The technology that drives how we live and work today offers, among other things, mobility and flexibility. At Apartment Therapy Tech, writer Carolyn Purnell explores both with a look at where she and her boyfriend — both of whom work from home — are at their most productive during the work day. Carolyn and her laptop generally gravitate toward the couch, eschewing a conventional desk; her boyfriend maintains a traditional workspace setup. And while we recommend you always keep ergonomics in mind (something we specialize in), like Carolyn, we want to know: Do the devices you use to get work done encourage you to move around your workspace, away from a desk? Where are you most productive? Check out Carolyn’s post here, then tell us your thoughts in the comments section below.
By Carolyn Purnell. Used in partnership with Apartment Therapy Tech.
Some of my favorite spaces to drool over are offices. Filled with books, art, and colorful writing utensils, they always seem to be the most inspirational spaces. I’m not ashamed to admit that when I see photos of a particularly inviting desk, I’ll fantasize about spending long, productive hours at its helm. Yet despite my love of a good work space, I’m rarely found at my desk, instead opting for the sofa, bed, or breakfast bar.
My boyfriend and I both work from home, so when we moved into our condo earlier this month the first question was naturally, “Where should our work spaces go?” His job requires a lot of phone calls, filing, and storage, where my writing needs are much more mobile, so we decided right away that his desk should go in the spare bedroom, and he’s been happy there ever since. I, on the other hand, have moved from a small desk setup in the open kitchen/living room area, to the dining room, which doubles as the library, and even to the bedroom, where I had a desk/nightstand combo for a while. And yet even when I have a beautiful space to work in, filled with all those books and pens, I always gravitate back to a less conventional work space.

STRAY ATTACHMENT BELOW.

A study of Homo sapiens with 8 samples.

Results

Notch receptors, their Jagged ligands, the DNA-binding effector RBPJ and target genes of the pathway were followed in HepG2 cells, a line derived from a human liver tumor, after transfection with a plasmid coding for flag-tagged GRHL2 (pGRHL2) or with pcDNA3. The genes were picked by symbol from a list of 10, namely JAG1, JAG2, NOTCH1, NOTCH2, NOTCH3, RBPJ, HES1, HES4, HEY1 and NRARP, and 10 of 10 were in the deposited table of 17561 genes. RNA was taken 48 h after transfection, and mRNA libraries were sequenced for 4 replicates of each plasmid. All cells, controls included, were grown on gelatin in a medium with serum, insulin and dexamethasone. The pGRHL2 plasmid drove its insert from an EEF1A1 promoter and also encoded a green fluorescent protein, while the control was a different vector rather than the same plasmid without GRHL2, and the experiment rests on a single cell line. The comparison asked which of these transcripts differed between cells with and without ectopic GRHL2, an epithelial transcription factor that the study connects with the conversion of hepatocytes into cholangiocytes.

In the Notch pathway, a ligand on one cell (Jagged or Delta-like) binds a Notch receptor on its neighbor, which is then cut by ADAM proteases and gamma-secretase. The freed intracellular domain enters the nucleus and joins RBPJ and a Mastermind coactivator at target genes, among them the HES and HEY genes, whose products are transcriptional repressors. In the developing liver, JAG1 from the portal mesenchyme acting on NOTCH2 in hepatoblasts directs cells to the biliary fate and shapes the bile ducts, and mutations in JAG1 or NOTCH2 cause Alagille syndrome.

While it seems somewhat decadent and at times unhealthy to spend the whole day on the couch, I find that I’m rather productive there. The mounds of books that constantly shift on the moving cushions, the pens that get lost in the cushions of the couch, the strange angle at which I prop my computer on the sofa arm: none of these disturb my work, and in fact, I barely even notice them anymore. Lately it has me wondering why I’ve always thought that I’ve needed a desk.
For those of you who work from home, or even those who make use of the computer at home in leisure time, how often do you actually use a desk? And if you don’t, are you generally peripatetic, or do you find yourself gravitating to a particular spot?